Definition of position

The placement of the balls, especially the cue ball, relative to the next planned shot. Also known as shape.

24 Random Essential Billiards Terms

Slang for the cue ball.
An unintentional and often barely perceptible curve imparted to the path of the cue ball from the use of english without a level cue. Not to be confused with a swerve shot.
(Chiefly British) Said of an object ball that can easily be reached by the cue ball, or of a pocket that can easily be reached by a selected object ball, usually directly (i.e. without intervening kick, bank, carom, kiss or combination shots).
Short for left english (side), i.e. spin imparted to the cue ball by stroking it to the lefthand side of its vertical axis. Contrast right.
Successive games won without the opponent getting to the table; a five-pack would be a package of five games.
The act of setting up the balls for a break shot. In tournament play this will be done by the referee, but in lower-level play, players either rack for themselves or for each other depending on convention.
This describes a shot where you bank the object ball off of a rail and then sink it in a side pocket.
Same as center spot.
The deciding match between two tied opponents. Compare hill, hill.
To create contact with the cue ball or an object ball.
This describes when a player is trapped behind a ball. (n.) - This is also the amount of money a player is down after betting.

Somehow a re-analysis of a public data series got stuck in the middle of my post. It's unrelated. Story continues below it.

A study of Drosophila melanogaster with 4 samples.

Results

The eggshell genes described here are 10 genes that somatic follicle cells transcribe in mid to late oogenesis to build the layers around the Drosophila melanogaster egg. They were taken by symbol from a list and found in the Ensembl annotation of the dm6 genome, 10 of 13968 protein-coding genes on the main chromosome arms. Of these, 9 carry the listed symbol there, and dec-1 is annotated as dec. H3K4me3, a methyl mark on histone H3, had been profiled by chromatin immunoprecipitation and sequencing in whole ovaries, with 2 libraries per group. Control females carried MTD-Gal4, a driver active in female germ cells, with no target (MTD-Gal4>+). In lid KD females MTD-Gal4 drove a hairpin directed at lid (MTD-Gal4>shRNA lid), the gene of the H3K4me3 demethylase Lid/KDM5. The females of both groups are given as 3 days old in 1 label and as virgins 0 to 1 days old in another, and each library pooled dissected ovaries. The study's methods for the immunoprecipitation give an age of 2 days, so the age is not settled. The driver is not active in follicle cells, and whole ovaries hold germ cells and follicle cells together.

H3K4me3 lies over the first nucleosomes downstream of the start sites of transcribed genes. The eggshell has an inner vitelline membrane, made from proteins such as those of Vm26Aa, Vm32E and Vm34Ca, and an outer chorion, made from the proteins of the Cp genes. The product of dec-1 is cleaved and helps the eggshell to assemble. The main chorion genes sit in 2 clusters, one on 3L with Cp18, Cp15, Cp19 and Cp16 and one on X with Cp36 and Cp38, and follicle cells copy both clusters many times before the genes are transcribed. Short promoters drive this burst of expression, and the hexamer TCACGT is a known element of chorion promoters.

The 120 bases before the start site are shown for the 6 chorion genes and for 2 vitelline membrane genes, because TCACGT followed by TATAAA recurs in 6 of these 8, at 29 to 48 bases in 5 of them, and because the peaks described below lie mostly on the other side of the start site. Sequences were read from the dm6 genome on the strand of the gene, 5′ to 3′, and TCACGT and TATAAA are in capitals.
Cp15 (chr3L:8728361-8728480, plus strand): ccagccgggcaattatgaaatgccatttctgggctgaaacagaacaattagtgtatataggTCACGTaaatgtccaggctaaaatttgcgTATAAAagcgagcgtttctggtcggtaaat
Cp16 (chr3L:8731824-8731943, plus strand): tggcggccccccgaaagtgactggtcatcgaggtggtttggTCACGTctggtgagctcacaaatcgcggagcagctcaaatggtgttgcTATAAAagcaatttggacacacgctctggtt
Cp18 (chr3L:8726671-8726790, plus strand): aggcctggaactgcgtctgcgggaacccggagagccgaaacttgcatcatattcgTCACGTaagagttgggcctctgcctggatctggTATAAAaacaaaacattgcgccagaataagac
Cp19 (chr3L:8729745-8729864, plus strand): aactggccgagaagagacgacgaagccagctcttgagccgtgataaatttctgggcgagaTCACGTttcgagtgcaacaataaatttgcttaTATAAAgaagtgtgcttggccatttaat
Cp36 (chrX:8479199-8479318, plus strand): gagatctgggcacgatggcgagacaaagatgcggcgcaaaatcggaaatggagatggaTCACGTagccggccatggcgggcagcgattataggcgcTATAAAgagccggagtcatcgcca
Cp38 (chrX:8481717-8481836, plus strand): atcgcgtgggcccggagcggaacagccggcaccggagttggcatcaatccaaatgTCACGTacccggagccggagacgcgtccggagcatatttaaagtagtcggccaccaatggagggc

Any system for banking or kicking balls multiple rails which uses table diamonds as aiming references.
This is a shot that attempts to move a number of balls onto your side of the table in a kind of herding attempt.
This refers to the cluster of balls remaining in a similar position to where they were within the break.
In snooker and British pool, the successful potting of all object balls-on in a single frame.
Refers to a person gambling when he has no money. As in, "That jerk can't pay up, he was shooting air barrels the whole time".
Making all of the required shots in a game (rack) without the opponent ever getting to the table or getting back to the table.
Random method for pairing of opponents when setting up a bracket system for a tournament.
Also (chiefly British) shot programme. The enumerated trick shots that must be performed in the fields of artistic billiards (70 pre-determined shots) and artistic pool (56 tricks in 8 "disciplines").
English Amateur Billiards Association. The EABA is the governing body of amateur billiards in England, and as such is responsible for organizing various tournaments and events.
Also string off. Chiefly British; Obsolete: Same as string or lag.
Chiefly American: The short rail at the head of the table. Traditionally this is the rail on which the table manufacturer's logo appears. Compare bottom rail, baulk rail; contrast foot rail.
This is a player who has the ability to make difficult shots in one pocket, because they are likely proficient at other pool games first.
Describes the propensity of pockets to more easily accept an imperfectly aimed ball shot at a relatively soft speed, that might not fall if shot with more velocity ("that ball normally wouldn't fall but he hit it at pocket speed"). The less sensitive to shot-speed that a pocket is, the "faster" it is said to be.
Describes the velocity of an object ball shot with just enough speed to reach the intended pocket and drop. "Shoot this with pocket speed only, so you don't send the cue ball too far up-table."